There are many flavors of “traders” out there, even if you narrow it down to the institutional world. I’ll split it up into two main categories – the “buy side” and “sell side.”
The Sell Side
Sell side traders are employed by institutional brokerage firms and investment banks to execute customer orders. That sounds easy – salesman gets order for 100,000 shares of IBM and calls a trader, who finds someone to take the shares and crosses the block. They do a lot of that, but these traders also try to “sniff out” demand as well (this is a volume business.) They build relationships with buy side traders and try to anticipate order flow. If they can approach a trader at a mutual fund who is nervous about a position with an offer to get him out at a good price, he will get paid to do that. Sometimes the trader will even put shares on the bank’s books to help out, if he believes that the ongoing relationship outweighs the risk he takes on for the firm.
So, not only does the trader need classic “trading” skills (quick thinking, good with numbers, etc.) he needs to be able to make a lot of friends – because friends mean order flow, and order flow means money. Most sell-side traders come from top business school and/or undergrad programs, and go through a “sales and trading” rotation program upon hiring.
The Buy Side
Buy side traders are divided into two camps – execution traders and proprietary traders.
a. Execution traders. Execution traders execute buy and sell orders for portfolio managers at large mutual funds and some hedge funds. They are paid to minimize cost – full stop. If Fidelity wants to buy 100,000 shares of IBM, they want to get in as quickly as possible without moving the market. These traders are always looking for liquidity, and know when the best times to find the most shares. (Which is why they value a great sell-side trader.) These traders also come from top schools, in some type of apprenticeship program. Quantitative skills are increasingly valuable, as they fight the high-frequency algorithms every day.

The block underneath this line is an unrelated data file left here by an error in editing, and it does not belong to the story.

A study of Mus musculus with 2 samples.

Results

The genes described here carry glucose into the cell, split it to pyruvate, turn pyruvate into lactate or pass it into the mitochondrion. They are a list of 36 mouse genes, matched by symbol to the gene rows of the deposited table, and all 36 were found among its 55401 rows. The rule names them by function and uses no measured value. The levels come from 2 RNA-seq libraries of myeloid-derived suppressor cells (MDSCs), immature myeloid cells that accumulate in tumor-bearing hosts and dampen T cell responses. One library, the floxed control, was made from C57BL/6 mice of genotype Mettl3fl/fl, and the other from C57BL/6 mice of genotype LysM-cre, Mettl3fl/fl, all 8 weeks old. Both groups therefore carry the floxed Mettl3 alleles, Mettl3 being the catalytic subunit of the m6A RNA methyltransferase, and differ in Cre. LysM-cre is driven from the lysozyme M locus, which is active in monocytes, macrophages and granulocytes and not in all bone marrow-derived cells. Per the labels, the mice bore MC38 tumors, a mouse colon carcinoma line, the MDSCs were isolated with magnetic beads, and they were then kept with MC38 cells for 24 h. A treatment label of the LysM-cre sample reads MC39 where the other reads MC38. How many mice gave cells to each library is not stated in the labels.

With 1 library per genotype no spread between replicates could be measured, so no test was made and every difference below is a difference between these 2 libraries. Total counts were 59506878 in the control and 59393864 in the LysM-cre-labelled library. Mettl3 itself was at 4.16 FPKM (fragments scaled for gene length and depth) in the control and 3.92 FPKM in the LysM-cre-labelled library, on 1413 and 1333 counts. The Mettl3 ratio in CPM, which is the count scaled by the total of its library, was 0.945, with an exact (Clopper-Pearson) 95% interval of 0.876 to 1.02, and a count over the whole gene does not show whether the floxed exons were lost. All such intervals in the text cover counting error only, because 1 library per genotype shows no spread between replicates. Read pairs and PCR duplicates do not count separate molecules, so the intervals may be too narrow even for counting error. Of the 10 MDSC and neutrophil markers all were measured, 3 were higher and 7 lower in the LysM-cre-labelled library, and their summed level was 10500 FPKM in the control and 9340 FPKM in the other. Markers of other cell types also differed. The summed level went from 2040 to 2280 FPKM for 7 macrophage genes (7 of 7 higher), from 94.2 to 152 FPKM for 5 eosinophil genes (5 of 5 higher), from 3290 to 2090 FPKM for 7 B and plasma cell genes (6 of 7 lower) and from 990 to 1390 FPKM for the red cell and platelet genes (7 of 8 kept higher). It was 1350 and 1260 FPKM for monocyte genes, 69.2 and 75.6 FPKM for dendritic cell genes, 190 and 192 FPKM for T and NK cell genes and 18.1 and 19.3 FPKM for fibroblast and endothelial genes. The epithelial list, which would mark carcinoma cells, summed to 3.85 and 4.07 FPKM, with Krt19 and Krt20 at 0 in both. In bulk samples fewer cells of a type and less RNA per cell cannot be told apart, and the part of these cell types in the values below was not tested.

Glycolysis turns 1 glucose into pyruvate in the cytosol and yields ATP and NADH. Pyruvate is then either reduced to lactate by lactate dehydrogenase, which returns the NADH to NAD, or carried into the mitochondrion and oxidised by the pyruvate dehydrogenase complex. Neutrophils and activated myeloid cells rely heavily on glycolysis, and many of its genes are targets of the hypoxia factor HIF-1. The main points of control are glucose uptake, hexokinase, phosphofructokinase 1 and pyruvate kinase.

b. Proprietary traders. Proprietary traders are paid based on their ability to buy what goes up and sell what goes down. They put their employers’ balance sheets at risk to get this profit. (Note that some prop traders work at “sell-side” firms, behind firewalls.) This is probably what you see in the movies, and they come in all shapes and sizes. The career path basically consists of starting at a firm out of college (or math PhD program) and consistently making money. The more you make, the longer leash you get. You “blow up”, you’re gone. Thanks for playing. Its a very stressful, fast-paced eat-or-be-eaten job, but a top trader will make millions, if not tens or even hundreds of millions.
In case you haven’t noticed, there is a common thread here – you need a degree and outstanding grades from a top institution to get in the door. So many people want to do this job that financial firms can pick and choose.
Republished with permission from Doug Mewhirter.